Update to The Role of a Swimming Parent

I’ll still be putting out a new blog post in the next few days, but I really need to provide an update on my last blog.
During the past week I’ve talked to many people about the role of a parent in a child’s sporting life. This includes parents of swimming, as well as hockey, football, soccer and many others. It is uncanny at how a consistent pattern emerged in these conversations.
It starts off with the parent agreeing with my views completely (almost always using “completely”). And then the parent goes on to say, “All that I tell them is… ,” describing in detail how they do the exact opposite. There’s no cognitive dissonance here. They still think they are agreeing with me.
I’ve heard them describe how they tell their kids they have to try harder, pay more attention, or even that they have to be better than everybody else. One even said they tell them if they don’t work harder, they shouldn’t continue in the sport. And all this with the air of agreeing with me.
This isn’t working. So, here’s my new approach. I got this link from Mike Thompson of the Oakville Aquatic Club.
Every parent should read this incredible article by Steve Henson in The Post Game, “What Makes a Nightmare Sports Parent — And What Makes a Great One.” An informal survey of hundreds of college athletes over 3 decades was conducted by two coaches (Bruce E Brown and Rob Miller of Proactive Coaching LLC), with two brilliant conclusions coming out.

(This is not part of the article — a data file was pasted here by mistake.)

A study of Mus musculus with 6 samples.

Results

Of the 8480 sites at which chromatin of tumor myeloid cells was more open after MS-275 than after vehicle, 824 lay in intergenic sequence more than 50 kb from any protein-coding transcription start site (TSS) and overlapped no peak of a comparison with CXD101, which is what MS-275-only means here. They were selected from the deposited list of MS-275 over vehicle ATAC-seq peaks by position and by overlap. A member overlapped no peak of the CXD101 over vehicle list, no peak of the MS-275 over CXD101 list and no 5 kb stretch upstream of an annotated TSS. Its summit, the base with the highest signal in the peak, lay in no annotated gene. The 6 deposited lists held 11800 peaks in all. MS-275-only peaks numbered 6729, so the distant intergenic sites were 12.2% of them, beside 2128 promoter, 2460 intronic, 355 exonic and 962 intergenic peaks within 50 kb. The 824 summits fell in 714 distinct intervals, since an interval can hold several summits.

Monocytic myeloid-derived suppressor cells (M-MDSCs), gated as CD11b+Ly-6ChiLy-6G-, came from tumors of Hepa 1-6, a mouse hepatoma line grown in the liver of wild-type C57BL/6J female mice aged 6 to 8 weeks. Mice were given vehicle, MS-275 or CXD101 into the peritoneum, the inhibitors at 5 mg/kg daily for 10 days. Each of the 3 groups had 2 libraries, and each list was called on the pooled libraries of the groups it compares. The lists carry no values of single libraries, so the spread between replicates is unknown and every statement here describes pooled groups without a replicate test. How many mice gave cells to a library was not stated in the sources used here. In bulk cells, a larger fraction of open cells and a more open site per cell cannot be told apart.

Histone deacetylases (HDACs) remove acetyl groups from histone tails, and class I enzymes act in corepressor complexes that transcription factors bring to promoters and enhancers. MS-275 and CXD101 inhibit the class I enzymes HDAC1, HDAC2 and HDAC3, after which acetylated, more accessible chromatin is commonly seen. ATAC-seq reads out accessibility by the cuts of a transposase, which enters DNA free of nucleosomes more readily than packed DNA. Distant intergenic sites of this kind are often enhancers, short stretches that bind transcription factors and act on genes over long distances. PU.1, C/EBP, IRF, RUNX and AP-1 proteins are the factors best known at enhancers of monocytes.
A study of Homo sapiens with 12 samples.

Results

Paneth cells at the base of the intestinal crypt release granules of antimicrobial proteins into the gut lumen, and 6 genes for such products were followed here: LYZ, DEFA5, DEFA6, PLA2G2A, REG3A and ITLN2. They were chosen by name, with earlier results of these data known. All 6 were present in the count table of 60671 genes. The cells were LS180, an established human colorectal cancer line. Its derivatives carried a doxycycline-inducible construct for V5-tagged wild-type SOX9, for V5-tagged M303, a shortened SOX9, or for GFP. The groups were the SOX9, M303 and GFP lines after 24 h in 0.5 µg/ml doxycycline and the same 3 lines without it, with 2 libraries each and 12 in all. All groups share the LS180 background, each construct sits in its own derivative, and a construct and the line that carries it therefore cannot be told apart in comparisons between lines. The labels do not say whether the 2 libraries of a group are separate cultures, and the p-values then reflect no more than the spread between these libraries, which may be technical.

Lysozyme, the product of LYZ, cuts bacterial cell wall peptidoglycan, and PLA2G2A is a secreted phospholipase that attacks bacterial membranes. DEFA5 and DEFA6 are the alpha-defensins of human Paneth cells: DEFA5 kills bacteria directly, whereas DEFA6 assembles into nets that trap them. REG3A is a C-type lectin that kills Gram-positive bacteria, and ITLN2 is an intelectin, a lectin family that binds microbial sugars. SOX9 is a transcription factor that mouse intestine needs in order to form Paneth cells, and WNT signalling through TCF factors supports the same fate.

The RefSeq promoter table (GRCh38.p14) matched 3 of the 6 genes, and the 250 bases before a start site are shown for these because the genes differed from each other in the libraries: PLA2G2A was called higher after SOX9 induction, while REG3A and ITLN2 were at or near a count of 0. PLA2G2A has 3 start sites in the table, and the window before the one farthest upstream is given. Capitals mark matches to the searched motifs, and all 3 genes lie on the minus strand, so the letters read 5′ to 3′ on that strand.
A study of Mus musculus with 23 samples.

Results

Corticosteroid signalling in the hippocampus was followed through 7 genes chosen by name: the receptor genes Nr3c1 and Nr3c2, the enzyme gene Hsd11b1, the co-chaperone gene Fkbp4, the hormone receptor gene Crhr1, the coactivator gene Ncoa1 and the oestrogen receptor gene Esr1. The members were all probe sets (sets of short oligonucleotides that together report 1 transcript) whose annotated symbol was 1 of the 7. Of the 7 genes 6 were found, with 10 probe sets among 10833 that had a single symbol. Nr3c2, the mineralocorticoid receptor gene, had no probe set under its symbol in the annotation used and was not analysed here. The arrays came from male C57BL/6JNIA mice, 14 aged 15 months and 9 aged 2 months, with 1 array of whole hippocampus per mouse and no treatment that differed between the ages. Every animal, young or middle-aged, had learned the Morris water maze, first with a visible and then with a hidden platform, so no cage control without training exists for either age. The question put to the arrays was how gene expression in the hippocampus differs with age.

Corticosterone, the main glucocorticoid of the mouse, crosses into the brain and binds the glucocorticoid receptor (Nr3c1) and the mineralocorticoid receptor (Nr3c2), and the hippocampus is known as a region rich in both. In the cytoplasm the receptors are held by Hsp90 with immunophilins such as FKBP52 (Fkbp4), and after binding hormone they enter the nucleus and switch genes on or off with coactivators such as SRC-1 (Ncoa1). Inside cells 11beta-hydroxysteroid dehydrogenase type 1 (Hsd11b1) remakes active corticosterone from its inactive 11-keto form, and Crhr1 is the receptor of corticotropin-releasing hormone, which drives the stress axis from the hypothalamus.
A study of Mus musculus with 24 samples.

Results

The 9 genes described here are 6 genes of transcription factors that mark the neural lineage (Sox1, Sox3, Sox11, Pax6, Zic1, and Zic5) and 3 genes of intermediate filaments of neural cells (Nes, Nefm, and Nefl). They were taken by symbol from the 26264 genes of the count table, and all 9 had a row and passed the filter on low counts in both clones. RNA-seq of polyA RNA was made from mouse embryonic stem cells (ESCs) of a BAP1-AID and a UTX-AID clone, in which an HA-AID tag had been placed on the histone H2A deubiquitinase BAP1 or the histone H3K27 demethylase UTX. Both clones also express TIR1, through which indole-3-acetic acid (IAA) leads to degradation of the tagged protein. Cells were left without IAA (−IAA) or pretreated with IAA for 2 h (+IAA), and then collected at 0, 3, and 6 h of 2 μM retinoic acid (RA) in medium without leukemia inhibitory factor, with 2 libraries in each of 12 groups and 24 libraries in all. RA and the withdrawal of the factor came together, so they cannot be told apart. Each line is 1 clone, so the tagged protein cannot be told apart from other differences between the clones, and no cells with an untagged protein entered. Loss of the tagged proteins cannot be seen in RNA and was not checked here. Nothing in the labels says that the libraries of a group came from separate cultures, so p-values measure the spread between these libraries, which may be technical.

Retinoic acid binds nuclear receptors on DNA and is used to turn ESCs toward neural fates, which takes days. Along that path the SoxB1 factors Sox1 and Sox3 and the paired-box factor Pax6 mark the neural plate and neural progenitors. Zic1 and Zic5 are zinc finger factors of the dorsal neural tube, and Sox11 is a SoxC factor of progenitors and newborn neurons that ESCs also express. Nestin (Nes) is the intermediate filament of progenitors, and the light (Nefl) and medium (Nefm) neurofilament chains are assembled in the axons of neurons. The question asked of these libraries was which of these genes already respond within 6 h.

1) The worst memory of these athletes from playing sports is the ride home from games with their parents. Even the most well intentioned parents critique performance, provide suggestions as to how to do better, or even criticize their team mates or coaches.They hated that.
Their advice: Don’t talk about their performance unless they raise the topic.
A fascinating aspect of the survey is that kids love having their grandparents at the games. Grandparents are far more likely to just enjoy watching them participate and give them a hug later. No critiques.
2) This is the big point. The statement made by parents that made them feel the best about themselves and their sport. Just 6 words.
“I love to watch you play.”
That’s it. A completely non-judgmental statement that gives complete support and makes them feel good about themselves.
Those two coaches are brilliant. When it comes to your kids’ sports, act like a grandparent, and use those 6 words.

I love comments, especially when they disagree with my view.